Markets Explained

Everything You’ve Ever Wanted to Know About Derivatives


The capital markets and broader economy hum when a number of components work together in harmony. Risk and reward are some of the most basic principles that underlie every transaction that takes place in the capital markets. One mechanism that enables investors to manage their risks is derivatives.

Today, many companies use derivatives to protect themselves against challenges that are part of running a business. Financial institutions also use derivatives to hedge their exposure for things like credit risk so they can lend more money to more borrowers.

Here are a few key facts about what derivatives are, what they do and how they are being used today.


Simply put, a derivative is “a financial contract whose value is based on, or derived from, a traditional security (such as a stock or bond), an asset (such as a commodity) or a market index.” Derivative instruments include options, futures and swaps. Some derivatives are traded on exchanges or electronic facilities, while others are privately negotiated between two parties. The latter are known as “over the counter” derivatives or “OTC” derivatives.


Some people might assume that the only beneficiaries of derivative investments are financial firms. But many non-financial organizations, like manufacturing companies that conduct business internationally participate in derivatives markets. Some firms use derivatives to protect customers from unexpected market shifts such as sudden changes in foreign currency exchange rates.

Consider, for example, a large electric utility, like the one you pay once a month to make sure your lights stay on. That company can use derivatives to hedge the risk of a sudden shift in the price of fuel that it uses to produce electricity. Over a period of time, this enables your electric company to keep steady the cost of production, which, in turn, helps keep your budget on track.


If you have homeowner’s insurance, you pay a premium to protect your house from risks such as a fire. In the event you do not experience a loss, you “lose” the policy premium you paid for the insurance. If you do experience a covered loss, you are protected. Options work in a similar way.

An option contract gives the buyer the right (but not the obligation) to buy or sell an underlying asset at a specified price and time. The buyer of an option is also known as the holder. The seller of the option, also known as the writer, has the obligation to buy or sell the aforementioned underlying asset at the same specified price and time.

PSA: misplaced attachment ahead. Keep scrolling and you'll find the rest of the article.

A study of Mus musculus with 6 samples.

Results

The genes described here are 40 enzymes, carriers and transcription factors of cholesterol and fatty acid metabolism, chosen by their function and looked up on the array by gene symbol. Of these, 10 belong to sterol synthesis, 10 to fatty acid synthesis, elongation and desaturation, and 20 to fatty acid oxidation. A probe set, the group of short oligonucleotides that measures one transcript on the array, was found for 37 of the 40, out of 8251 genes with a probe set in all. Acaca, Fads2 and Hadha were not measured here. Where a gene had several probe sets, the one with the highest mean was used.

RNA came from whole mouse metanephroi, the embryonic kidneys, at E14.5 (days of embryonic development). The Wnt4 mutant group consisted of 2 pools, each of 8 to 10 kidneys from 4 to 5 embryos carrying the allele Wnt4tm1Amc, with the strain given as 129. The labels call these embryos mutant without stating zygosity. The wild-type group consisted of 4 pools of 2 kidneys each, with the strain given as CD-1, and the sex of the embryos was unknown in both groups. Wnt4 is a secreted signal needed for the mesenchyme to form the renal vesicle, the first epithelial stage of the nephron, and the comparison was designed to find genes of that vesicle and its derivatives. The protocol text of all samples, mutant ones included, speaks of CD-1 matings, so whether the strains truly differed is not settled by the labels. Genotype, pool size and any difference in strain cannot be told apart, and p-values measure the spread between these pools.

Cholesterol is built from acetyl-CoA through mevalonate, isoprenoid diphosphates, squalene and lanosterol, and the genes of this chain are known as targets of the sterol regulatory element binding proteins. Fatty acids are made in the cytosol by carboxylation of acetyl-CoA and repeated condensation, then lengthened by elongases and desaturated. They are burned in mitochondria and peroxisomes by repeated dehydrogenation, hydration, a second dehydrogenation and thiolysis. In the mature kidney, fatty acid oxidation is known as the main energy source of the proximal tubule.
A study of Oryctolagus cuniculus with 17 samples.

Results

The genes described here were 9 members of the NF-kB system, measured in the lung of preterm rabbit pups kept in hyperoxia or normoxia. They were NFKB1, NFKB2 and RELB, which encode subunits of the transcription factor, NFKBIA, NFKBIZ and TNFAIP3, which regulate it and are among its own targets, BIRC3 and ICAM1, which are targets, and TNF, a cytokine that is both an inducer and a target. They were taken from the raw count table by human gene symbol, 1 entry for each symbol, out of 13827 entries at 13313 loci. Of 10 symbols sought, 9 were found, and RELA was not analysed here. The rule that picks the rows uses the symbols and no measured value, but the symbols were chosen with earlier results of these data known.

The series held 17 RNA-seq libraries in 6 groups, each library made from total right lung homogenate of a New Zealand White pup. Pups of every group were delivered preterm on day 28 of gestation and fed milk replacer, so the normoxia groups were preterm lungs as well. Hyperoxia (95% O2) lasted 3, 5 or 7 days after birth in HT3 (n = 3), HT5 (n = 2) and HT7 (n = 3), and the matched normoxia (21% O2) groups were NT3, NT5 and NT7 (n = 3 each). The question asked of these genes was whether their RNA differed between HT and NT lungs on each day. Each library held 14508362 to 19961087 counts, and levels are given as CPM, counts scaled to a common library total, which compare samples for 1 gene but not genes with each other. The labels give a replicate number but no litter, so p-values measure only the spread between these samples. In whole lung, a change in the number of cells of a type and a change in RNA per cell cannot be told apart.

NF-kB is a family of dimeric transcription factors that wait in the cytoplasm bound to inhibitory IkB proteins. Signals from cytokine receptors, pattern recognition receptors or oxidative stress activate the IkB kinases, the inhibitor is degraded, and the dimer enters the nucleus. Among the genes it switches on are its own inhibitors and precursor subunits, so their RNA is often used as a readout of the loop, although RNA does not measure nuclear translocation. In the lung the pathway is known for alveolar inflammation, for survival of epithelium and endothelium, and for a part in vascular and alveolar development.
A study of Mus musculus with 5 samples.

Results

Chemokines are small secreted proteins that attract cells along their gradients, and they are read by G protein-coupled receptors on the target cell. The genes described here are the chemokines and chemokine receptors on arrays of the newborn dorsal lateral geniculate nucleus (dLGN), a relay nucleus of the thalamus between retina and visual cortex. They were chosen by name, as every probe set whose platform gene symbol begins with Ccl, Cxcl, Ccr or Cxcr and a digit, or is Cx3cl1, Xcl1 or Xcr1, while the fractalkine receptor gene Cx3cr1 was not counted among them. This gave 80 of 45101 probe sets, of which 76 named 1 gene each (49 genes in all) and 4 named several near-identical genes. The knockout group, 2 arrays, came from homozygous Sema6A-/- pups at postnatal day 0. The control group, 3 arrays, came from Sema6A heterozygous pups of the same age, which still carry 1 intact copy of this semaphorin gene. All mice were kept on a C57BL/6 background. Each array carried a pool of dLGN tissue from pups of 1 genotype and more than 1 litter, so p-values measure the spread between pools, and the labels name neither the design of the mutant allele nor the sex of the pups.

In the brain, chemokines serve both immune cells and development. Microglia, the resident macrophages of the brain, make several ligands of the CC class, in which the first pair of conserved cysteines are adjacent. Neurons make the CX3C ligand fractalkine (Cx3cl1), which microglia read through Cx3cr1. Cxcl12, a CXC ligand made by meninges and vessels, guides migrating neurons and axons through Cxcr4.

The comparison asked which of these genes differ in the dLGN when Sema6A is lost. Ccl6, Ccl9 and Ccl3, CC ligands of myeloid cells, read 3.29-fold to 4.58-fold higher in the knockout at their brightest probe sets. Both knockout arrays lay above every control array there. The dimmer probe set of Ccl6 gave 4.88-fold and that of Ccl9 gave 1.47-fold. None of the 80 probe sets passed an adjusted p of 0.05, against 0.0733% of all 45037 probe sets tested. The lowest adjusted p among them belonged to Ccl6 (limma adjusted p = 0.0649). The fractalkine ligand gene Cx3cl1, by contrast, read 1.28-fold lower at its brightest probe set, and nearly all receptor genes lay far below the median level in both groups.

For example, if an investor owns shares of XYZ Company and is concerned that the price may go down, the investor could buy a “put” option, which is the right to sell those shares in the future at an agreed upon price. If the share price does go down during the agreed upon time period, the option has protected the investor from the decline in price; if the share price does not go down, the option becomes worthless.


Futures, unlike options, create an obligation to buy or sell a certain asset at a specified price and time. Futures trade on exchanges and create obligations for some time in the future, typically ranging from months up to a year or so.

The use of futures to manage risk happens frequently in American farming. Let’s take an orange farmer in Florida, for example. This orange farmer cannot predict what his orange crop will yield. To manage this risk, the farmer could enter into an agreement to sell oranges (that are yet to be harvested) at an agreed upon price and time in the future. In this case, the farmer is able to protect himself from future fluctuations in the market and gets an upfront payment for the oranges regardless of the future price.


Swaps, like futures, create an obligation; unlike futures, however, swaps are ongoing obligations over a period of years and in many cases involve the periodic exchange of cash flows over time.

Swaps are an effective way to manage risk. For example, ABC Company sells products in the U.S. for which it earns U.S. dollars, although the products are sourced overseas. The company is concerned that the foreign currency cost of its inputs will rise relative to its U.S. dollar income. ABC Company could use a swap to hedge the foreign exchange risk inherent in its business with a swap that fixes the foreign exchange rate of a certain amount of cash flow over an agreed period of time.